News that Aurora Cannabis (TSX:ACB)(NYSE:ACB) is suspending some construction projects came as no surprise when management released first-quarter 2020 earnings results on Thursday, but the stock price could still touch lower 52-week lows in the near term as the market adjusts its growth expectations for the marijuana industry.
That said, contrarian investors with a long-term holding period could have been presented with more rewarding entry points into one of the most promising marijuana players during a period that’s witnessing increasingly negative investor around the once-confident cannabis sector.
Aurora’s quarterly results were a mixed bag. Cannabis net revenue declined sequentially by 24% to $70.8 million, led by lower consumer pot orders from the provinces and a significantly weaker wholesale market.
As I had feared on Wednesday, the wholesale market underperformed as sales declined by nearly 49% sequentially to just $10.3 million, and recreational orders declined 33% sequentially. However, there was an encouraging 3% growth in Canadian medical sales as registered patients increased by 8% and exports jumped 11% over the recent past quarter.
Most of the company’s other performance indicators showed desirable improvements on a sequential quarterly basis.
Chief among the notable improvements was the company’s cash cost to produce marijuana improved by 25% to $0.85 per gram. The company reported a surprise 7% jump in realized average selling prices for its product as the low-priced wholesale component declined as a proportion of total sales.
This allowed the company to maintain its envious gross margin of 58% when everyone else who has reported saw margins painfully contract during the same period.
While investors will appreciate the company’s efforts to reduce quarterly operating expenses and the 43% increase in productivity, I’m still very concerned about the rate at which the Canadian recreational marijuana market will grow from here.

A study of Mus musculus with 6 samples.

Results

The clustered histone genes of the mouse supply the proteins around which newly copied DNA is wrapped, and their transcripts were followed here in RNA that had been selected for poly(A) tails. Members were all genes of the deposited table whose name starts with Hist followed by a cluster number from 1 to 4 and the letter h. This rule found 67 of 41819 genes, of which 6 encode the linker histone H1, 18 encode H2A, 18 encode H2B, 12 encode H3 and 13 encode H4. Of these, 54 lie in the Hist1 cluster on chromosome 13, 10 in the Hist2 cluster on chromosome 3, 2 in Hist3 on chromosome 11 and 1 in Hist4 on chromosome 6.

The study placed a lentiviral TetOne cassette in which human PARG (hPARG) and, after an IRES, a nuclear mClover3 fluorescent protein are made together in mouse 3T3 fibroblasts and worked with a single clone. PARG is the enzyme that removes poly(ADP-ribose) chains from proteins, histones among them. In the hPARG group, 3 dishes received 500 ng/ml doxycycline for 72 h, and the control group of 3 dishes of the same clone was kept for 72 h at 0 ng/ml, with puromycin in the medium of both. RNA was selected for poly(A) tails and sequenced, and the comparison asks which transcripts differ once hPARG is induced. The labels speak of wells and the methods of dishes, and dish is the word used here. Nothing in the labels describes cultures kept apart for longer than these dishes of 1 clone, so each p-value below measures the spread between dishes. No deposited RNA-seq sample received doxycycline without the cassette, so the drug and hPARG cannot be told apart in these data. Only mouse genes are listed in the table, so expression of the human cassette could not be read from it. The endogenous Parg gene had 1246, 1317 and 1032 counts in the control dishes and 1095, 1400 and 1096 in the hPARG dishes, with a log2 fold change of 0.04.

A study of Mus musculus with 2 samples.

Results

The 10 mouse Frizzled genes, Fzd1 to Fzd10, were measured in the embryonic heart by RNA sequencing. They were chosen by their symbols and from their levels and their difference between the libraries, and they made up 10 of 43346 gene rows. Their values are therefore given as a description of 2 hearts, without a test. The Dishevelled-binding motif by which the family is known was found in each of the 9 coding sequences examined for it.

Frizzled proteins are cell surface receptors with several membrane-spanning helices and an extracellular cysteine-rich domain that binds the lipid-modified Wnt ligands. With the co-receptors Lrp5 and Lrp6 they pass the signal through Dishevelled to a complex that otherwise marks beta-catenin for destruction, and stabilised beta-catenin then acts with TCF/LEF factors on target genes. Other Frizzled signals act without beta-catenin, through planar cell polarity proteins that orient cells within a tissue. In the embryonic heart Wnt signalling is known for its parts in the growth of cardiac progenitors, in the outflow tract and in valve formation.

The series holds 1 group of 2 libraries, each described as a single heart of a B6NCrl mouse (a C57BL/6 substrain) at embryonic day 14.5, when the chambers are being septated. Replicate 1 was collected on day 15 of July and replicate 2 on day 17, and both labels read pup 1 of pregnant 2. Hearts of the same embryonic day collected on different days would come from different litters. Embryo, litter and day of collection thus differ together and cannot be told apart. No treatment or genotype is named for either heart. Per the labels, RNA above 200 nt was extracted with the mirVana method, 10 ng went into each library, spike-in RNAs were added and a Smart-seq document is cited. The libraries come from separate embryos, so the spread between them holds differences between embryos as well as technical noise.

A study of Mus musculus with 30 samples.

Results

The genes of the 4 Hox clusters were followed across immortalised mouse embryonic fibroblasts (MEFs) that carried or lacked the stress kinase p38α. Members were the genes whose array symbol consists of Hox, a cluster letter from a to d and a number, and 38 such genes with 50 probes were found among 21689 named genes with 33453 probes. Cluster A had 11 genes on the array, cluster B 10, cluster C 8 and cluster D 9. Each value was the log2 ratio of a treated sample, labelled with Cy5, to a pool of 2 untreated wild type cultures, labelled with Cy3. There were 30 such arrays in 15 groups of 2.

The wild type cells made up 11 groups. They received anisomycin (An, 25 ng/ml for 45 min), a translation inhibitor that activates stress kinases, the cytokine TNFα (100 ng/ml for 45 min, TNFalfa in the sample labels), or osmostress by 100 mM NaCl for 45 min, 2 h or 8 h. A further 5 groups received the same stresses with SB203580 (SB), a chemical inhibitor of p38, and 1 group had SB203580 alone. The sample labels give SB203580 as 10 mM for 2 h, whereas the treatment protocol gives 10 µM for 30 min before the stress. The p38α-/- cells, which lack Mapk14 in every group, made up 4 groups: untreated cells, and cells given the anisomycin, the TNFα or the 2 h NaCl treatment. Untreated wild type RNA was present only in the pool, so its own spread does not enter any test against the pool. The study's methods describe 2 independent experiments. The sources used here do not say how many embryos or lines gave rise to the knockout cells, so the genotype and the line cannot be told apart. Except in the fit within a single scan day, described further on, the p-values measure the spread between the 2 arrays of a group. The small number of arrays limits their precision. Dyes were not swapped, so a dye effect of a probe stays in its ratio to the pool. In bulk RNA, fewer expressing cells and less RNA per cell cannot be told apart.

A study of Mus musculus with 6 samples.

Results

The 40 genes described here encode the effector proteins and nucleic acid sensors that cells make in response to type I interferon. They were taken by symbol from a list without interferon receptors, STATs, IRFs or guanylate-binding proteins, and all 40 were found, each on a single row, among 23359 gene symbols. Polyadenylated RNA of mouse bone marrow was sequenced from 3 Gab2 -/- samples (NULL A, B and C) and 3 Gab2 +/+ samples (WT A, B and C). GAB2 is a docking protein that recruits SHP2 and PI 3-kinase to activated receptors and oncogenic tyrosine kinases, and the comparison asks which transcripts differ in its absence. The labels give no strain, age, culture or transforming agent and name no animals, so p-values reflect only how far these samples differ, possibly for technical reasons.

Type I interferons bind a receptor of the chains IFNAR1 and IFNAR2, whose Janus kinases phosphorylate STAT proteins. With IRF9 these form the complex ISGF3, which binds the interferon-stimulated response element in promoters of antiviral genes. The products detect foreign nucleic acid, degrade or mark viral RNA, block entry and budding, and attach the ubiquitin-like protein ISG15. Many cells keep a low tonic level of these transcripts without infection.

The underground pot market continues to thrive, which is probably due to the slow regulated retail store roll outs across the country. Additionally, the market could be eager to see what strategy the company has for a U.S. market entry that promises to improve cash flow generation.
Cash flow has been a challenge for the company and its investments portfolio has also shrunk, so management needed to take proactive action in the face of weaker-than-anticipated consumer demand growth.
Cash preservation tactics
Aurora has negotiated a lower conversion price for $155 million of convertible debentures set to mature in March next year down from $13.05 to a five-day volume weighted average price in an early conversion deal, and a 6% discount is offered on top.
This is a great deal that could allow the company to preserve cash flow by avoiding a full redemption of the debentures, resulting in a significant cash out flow.
Further, the company is suspending some of its expansion projects. Its largest planned facility’s construction and commissioning activities will be deferred, and the company is immediately ceasing construction activities at its Nordic 2 in Denmark.
These moves will preserve about $190 million in cash. I had anticipated this possibility on Wednesday, so it wasn’t a surprising development.
Time to buy?
The sky is falling on pot stocks — or so the current market sentiment seems to say, but the marijuana industry is still in its infancy and there’s still a learning curve to be endured. Export market growth is necessary to diversify revenues and forays into the U.S. CBD market could lift some investor spirits.
If one is bullish about the future of Canadian marijuana over the next five or more years, then these are the times to closely watch for signs of bottoming out share prices and get ready to pounce. That said, there’s still significant short-term speculative risks here. Given that nobody can tell where the bottom is, it could still be far, far below.